Sports Injuries and Regenerative Medicine

Sports Injuries and Regenerative Medicine

The field of regenerative medicine has been growing in acceptance as people look for ways to treat sports injuries without surgery or drugs. Regenerative therapies are also being used after surgery to reduce recovery time. In many cases, patients suffering from chronic sports injuries that have not responded to other treatments will try regenerative therapies to find relief. Here are some of the regenerative therapies commonly used in sports medicine.   

Stem Cell Treatments

Stem cells are undifferentiated cells collected from fat tissue or blood. Stem cells have the potential to transform into specialized cells when placed in a particular area of the body. For this reason, stem cells are used in sports medicine to treat injuries in which muscle, ligament or bone degeneration are present. Doctors theorize that the stem cells can lead to regeneration and repair to the damaged area. In fact, stems cells have shown promise in reducing or eliminating chronic pain in many types of degenerative sports injuries.  

PRP Injections 

Using a sample of the patient’s own blood, plasma and platelets are separated and reinjected into the treatment area. The growth factors present in the plasma and the increased concentration of platelets (responsible for clotting) are thought to promote healing and natural reduction of inflammation. For this reason, PRP injections are most often used on soft tissue injuries and where tendonitis and degeneration of joints have occurred. When PRP injections are used, often combined with stem cell treatments, surgery can sometimes be avoided for degenerative conditions. This is possible because, when treated early with regenerative medicine, the degeneration is stopped. Irreparable damage needing surgery to repair is avoided.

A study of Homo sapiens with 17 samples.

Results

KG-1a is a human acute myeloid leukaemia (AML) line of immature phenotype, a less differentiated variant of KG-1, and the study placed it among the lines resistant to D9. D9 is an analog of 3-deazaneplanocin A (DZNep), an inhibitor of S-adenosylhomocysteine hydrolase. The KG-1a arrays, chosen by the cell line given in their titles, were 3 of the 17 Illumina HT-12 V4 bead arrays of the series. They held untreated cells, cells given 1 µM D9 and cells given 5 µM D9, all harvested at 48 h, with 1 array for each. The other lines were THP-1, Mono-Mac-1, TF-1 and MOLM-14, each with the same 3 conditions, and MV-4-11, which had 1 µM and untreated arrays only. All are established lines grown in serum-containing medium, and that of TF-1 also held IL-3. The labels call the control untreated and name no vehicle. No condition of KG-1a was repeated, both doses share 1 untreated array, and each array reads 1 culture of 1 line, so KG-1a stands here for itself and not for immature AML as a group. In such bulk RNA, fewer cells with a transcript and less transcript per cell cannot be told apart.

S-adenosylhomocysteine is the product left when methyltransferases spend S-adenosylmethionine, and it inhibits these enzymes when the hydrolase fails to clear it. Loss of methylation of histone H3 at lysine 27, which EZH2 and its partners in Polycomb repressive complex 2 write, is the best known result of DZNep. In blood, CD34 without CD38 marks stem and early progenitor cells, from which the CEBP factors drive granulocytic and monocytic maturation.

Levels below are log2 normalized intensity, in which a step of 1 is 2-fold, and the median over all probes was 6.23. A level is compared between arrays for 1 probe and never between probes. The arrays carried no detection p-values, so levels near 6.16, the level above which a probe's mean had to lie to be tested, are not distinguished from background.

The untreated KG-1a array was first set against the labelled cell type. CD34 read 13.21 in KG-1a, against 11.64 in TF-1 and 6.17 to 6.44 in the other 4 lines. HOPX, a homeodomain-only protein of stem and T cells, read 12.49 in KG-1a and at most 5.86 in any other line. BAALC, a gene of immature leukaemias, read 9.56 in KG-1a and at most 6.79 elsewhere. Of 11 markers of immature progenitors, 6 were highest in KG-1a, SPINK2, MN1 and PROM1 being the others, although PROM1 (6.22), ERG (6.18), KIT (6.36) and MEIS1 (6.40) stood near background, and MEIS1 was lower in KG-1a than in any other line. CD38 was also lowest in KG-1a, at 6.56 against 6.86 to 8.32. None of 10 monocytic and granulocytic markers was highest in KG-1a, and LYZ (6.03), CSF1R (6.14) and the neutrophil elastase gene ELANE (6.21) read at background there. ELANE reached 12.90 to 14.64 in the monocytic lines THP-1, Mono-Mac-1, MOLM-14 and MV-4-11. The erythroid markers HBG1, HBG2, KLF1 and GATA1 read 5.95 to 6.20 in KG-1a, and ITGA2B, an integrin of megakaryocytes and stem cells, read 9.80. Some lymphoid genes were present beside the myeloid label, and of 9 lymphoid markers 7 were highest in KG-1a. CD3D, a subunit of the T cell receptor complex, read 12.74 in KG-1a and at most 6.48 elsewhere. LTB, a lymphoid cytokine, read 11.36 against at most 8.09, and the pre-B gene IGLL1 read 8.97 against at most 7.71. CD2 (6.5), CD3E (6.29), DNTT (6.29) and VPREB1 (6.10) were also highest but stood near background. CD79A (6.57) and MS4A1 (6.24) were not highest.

Inflammation is one of the body’s responses to injury and disease. It works by increasing blood flow and the presence of other types of cells that repair the damage. Usually, we are concerned with reducing inflammation to reduce pain. However, there are circumstances in which it is beneficial to induce inflammation to speed healing or to allow an injury to heal more fully. Prolotherapy uses an injection of an irritant to the affected area to temporarily induce inflammation. Prolotherapy is also often combined with PRP or stem cells to further promote healing. In this manner, injuries can heal more completely in a shorter amount of time. 

The potential to promote healing naturally with shorter recovery times means that regenerative medicine is becoming more mainstream in high-performance and recreational sports medicine. If you suffer from chronic injuries caused by repetitive stress, overuse or sports trauma, consult a regenerative medicine clinic to determine if one of these treatments could work for you.